Daily pressure. Expectations. Overwhelm. Responsibility. Challenges. People. Opinions. Business. Personal preferences. Family challenges. And much more. Balancing others’ expectations, professional choices and personal life can be tough at times. And somewhere behind fancy clothes, big house and recognition in community you know that things are not as pretty as you wish they were.
Broken relationships. Personal challenges. Things money can’t buy laughing in your face.
How can you find balance between who you want to be – a great leader making things happen and who you truly are – an imperfect human being with your own limitations?
Where can you find a safe space to be who you truly are, to voice your concerns, ask questions, be challenged and stretched to new heights?
There were times in my own life when I felt alone as a leader. Alone to make tough decisions and resolve the situations. I thought that leaders are lone rangers bracing the way for others. I thought it’s a curse of leadership to be lonely.
But I was wrong!
You don’t have to do it alone.
In fact, if you do, you will limit yourself. And by limiting yourself you will limit those you lead.
As a leader, you need to be intentional about increasing your own leadership level. You need to create an inner circle of people who will help you grow to the new heights.
The question isn’t whether you should have inner circle. The question is how you can create it and who will get the invitation.
I wrote an article on this topic couple months ago, looking at the inner circle from the team perspective. But today I want to look at your personal inner circle. John C. Maxwell said it brilliantly: “It’s hard to improve when you have no one but yourself to follow.”
Here are 5 types of people you you need in your inner circle…
1. Role model
I find it incredibly valuable to have people who model the behaviour, action and results I want to see in my life. These are the people who impact me without even knowing about me. They live their lives, speak at events, write blogs and post on social media, share their lives for me to be inspired and hopefully transformed. Their stories, character or courage makes me go further and press through. I don’t want to be them, but I am inspired by them. Who models behaviour or results you want to see in your life? Learn how they got to that point, be inspired and make your way.
Just like role models, mentors are people who set a worthy example. But what makes them different is that they also make themselves available to you. Mentoring is a relationship. It’s a two-way road. Mentoring brings empowerment. Mentors equip and empower the person. There are couple things you want to look for when choosing a mentor.
- Mentor needs to be better or more successful than you. You don’t want to learn from bad or average person.
- Mentor needs to be an engaged listener. Without listening, they will not be able to fully understand your situation, leadership challenges or navigate you in the right direction.
- Mentors ask great questions. Questions are the keys that unlock the locked door of opportunity. Questions lead to understanding, connection and improvement.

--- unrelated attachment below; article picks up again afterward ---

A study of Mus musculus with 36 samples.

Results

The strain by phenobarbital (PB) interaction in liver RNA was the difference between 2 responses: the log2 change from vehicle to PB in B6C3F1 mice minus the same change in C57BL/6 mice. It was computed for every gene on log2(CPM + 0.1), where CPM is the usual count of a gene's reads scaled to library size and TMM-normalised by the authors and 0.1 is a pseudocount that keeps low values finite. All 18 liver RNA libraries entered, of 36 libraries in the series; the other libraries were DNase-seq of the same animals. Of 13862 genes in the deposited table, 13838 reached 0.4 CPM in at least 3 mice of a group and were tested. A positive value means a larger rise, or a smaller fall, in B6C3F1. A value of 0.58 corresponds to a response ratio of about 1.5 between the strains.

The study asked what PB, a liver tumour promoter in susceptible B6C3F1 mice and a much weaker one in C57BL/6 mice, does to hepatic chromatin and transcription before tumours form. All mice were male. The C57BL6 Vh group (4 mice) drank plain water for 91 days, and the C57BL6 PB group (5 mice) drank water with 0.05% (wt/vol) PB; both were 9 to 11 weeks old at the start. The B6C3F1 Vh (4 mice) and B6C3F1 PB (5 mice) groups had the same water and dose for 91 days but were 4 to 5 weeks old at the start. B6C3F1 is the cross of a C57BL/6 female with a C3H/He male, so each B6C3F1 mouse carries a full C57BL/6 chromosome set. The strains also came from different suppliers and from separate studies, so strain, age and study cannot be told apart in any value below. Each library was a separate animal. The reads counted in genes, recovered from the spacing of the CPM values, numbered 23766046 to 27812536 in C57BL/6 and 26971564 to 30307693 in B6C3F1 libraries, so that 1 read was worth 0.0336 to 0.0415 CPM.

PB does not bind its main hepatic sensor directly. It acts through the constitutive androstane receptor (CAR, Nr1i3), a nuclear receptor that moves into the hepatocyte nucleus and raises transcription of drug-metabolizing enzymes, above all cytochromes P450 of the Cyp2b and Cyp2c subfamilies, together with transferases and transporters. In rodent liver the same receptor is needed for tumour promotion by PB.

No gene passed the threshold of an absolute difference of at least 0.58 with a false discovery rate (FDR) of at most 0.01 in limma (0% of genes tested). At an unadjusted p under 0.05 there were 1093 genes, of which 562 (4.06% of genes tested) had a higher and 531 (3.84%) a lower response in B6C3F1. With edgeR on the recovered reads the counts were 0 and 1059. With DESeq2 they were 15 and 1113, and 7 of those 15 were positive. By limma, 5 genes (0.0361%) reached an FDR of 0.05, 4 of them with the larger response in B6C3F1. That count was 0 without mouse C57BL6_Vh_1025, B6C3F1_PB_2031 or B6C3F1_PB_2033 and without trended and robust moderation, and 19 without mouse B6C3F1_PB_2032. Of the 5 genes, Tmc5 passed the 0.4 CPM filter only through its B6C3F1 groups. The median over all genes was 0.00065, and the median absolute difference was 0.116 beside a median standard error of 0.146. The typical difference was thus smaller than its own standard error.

- Great mentor has a humility. Mentor has to have enough humility to share his or her failures. Success stories impress people, but failure stories impact people. Humility creates an environment for learning and development.
Couple areas where you can add mentorship into your life: faith, relationships, leadership, health, and many more.
I believe in partnerships. They are not always easy (just look at the number of broken marriages), but when they survive the winds and storms, they make us better at the end. When I think of partnerships, I look back at the times when I was starting a non-profit organization. It was extremely challenging – unchartered territory, lots of unknowns, unexpected challenges, but also huge victories. I would never be able to do it alone. I had amazing partners on my side. A co-founder who stood by my side with advise and ready to pull the workload. My hubby who helped with advice and financial support. Advisor who supported me every step of the way with her advice and experiences. I might have been the face behind the organization, but it took a team effort to make it all happen.
Who is in your corner, cheering you on, supporting you and helping you out? Who can you count on when things get tough or in the midst or emergency? Don’t do it alone. Build your inner circle! Oh, and keep in mind that sharing same values is an important part of building strong partnerships that last.
Friends might not be above you. They might not even be at your level. But friends bring encouragement and fun into life. Friends make life worth living. Friends might not be able to help you professionally, but they can make you a better person.
You might have a title or a position, but you are not a true leader until you positively impacted someone else’s life. One of the greatest calls of leadership is to empower others. Yes, as a leader you impact your team, organization, stakeholders, but there still is a greater way to lead. That is to find a mentee to pass your lessons learned on to.
Leadership is a relay. You must pass the baton to win. If you climb to the top of the mountain and no one is following you, you are not a leader. You are a climber. Choose to be a leader. Choose to invest your time, skillset, talent and energy into someone who has the capacity and is hungry to grow. Mentees enlarge your life and your legacy. They make your message to outlive you.
Let’s have a closer look at your own leadership. Are you a lone ranger or do you have an inner circle? How can you improve your inner circle this week? Who is missing in your inner circle? How can you strengthen the existing relationships? Where can you find the new ones and how will you build these connections? How much time will you allocate to building your inner circle?